Generation Z
Terminology[edit] USA Today sponsored an online contest for readers to choose the name of the next generation after the Millennials. In the article, Bruce Horovitz wrote that some might call the term "Generation Z" rather "off-putting" and a name that is "still in-the-running" for the next generation. The article proposed some alternate names including: iGeneration, Gen Tech, Gen Wii, Net Gen, Digital Natives, Gen Next, Post Gen.[1][3] In 2013, Jeanine Poggi reported in Ad Age that Nickelodeon channel is looking to serve a new breed of kids born after 2005 who it dubs "post-millennials".[2] "Scholars Generation" was proposed by a writer at A Time to Succeed coalition who "works to ensure that all children in the nation’s high-poverty communities have better learning time in school".[4] Authors William Strauss and Neil Howe wrote several popular books on the subject of generations. Plurals is a name coined by marketing firm Frank N. Traits and trends[edit] See also[edit] References[edit]


100 Websites You Should Know and Use Entertainment Meet David Peterson, who developed Dothraki for Game of Thrones There are seven different words in Dothraki for striking another person with a sword. Among them: “hlizifikh,” a wild but powerful strike; “hrakkarikh,”a quick and accurate strike; and “gezrikh,” a fake-out or decoy strike. But you won’t find these words in George R. R. Middle age Middle age is the period of age beyond young adulthood but before the onset of old age . Various attempts have been made to define this age, which is around the third quarter of the average life span of human beings . Definitions [ edit ] According to Collins Dictionary , this is "... usually considered to occur approximately between the ages of 40 and 60". [ 1 ] The current edition of the Oxford English Dictionary gives a similar definition but with a shorter span: "The period of life between young adulthood and old age, now usually regarded as between about forty-five and sixty."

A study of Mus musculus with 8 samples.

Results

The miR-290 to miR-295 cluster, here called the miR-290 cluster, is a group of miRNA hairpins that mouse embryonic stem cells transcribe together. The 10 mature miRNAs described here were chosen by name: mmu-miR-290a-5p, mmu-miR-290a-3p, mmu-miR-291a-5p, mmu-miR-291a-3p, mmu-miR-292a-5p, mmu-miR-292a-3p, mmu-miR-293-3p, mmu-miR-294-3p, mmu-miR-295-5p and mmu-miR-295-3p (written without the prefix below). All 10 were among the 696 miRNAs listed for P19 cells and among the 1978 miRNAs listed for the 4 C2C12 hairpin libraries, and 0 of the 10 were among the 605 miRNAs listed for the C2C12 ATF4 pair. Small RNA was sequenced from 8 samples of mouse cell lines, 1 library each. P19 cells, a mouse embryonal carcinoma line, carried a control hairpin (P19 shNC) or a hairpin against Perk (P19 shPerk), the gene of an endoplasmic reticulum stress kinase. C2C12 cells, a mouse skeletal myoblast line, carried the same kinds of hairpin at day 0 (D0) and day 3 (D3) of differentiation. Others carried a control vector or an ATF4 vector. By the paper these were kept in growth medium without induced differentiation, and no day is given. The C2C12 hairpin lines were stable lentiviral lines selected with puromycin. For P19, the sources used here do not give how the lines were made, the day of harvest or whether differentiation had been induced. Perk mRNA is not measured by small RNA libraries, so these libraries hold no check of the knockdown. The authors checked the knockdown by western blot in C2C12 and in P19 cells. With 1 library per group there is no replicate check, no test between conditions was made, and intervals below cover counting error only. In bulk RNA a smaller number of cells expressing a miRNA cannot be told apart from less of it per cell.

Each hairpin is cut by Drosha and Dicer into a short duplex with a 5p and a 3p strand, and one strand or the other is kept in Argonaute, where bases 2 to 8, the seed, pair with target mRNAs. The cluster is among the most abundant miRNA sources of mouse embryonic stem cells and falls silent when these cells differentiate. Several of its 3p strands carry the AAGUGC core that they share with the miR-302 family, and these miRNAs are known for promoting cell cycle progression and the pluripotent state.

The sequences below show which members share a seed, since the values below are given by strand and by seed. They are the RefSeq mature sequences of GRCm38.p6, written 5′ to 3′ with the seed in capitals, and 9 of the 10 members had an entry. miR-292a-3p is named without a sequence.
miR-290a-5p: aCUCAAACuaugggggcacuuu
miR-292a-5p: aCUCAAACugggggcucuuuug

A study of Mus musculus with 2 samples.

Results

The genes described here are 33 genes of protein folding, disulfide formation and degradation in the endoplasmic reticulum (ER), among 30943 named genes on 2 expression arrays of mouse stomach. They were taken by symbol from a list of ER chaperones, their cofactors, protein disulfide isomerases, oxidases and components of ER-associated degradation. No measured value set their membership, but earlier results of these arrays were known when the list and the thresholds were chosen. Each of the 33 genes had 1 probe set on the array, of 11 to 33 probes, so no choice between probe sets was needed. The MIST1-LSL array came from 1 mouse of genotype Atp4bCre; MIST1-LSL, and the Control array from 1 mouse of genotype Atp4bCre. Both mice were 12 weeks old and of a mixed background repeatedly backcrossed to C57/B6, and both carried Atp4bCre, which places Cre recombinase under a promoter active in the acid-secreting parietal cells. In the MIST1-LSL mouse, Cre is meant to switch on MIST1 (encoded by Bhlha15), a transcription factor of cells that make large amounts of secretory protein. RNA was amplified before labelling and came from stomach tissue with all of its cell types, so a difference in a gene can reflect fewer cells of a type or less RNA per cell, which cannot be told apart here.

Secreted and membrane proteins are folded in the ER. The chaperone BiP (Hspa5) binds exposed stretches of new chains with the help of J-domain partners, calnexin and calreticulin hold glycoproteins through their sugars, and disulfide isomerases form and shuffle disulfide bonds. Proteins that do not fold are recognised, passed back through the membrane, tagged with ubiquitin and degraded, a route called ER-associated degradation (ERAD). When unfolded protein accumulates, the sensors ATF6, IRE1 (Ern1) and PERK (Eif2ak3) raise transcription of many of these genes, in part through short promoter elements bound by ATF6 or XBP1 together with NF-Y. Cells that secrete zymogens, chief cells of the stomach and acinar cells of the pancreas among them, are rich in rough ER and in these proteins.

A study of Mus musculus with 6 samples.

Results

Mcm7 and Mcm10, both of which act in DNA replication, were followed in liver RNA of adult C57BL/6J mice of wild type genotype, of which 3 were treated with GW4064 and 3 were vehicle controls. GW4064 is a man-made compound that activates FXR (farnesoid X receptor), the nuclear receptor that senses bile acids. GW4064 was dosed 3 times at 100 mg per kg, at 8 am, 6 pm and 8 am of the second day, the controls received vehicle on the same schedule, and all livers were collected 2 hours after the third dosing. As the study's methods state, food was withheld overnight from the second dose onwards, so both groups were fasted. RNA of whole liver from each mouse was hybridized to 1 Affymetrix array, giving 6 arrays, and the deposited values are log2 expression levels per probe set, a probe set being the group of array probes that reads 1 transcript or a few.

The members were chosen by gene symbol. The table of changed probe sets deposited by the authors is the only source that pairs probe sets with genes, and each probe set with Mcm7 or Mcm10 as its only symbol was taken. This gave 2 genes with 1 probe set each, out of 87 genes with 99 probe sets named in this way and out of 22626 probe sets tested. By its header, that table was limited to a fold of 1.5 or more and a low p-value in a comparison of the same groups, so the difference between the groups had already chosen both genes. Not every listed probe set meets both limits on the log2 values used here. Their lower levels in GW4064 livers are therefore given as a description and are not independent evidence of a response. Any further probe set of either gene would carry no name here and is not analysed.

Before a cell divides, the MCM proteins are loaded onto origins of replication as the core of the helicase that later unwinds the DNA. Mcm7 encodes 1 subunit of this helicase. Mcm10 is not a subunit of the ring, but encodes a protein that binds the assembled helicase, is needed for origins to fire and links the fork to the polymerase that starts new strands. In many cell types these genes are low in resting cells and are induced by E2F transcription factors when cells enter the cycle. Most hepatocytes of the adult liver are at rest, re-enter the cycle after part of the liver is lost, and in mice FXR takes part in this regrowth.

4 Reasons Being a Pop Culture Nerd is Harder Than You Think #2. Militant Sects of Pop Culture Nerds Augmented Grocery Shopping: How a Korean grocer moved virtual shopping to the subway It’s the kind of experiment that seems like it was hatched for a satirical spoof video, but the results were anything but funny. Home Plus, the 2nd largest grocery chain in South Korea formerly known as Tesco, needed to increase their market share without building more stores. The idea they had was simple and elegant, albeit completely offbeat and somewhat insane. “Let the store come to the people.”

Ageing Ageing (British English) or aging (American English) is the accumulation of changes in a person over time.[1] Ageing in humans refers to a multidimensional process of physical, psychological, and social change. Some dimensions of ageing grow and expand over time, while others decline. Reaction time, for example, may slow with age, while knowledge of world events and wisdom may expand. Research shows that even late in life, potential exists for physical, mental, and social growth and development.[2] Ageing is an important part of all human societies reflecting the biological changes that occur, but also reflecting cultural and societal conventions. Ageing is among the largest known risk factors for most human diseases.[3] Roughly 100,000 people worldwide die each day of age-related causes.[4] Age is measured chronologically, and a person's birthday is often an important event.

Viral Journalism and the Valley of Ambiguity How much does search engine optimization play into how effectively a story is picked up virally? If a story contains rhetoric that is more likely to get passed on, even if it's "important" — famous names, scandal — does that play a role? Take recaps, here and elsewhere: I'm slowly drifting away from them because they seem to be increasingly simple plot recounts that go over the sexy sexiness of sexy sex and the fabulous fabulousness of fabulous fabulousness. Based on reads and short, quipy comments, I'd assume those are more popular than deep-dives that try to answer "so what?"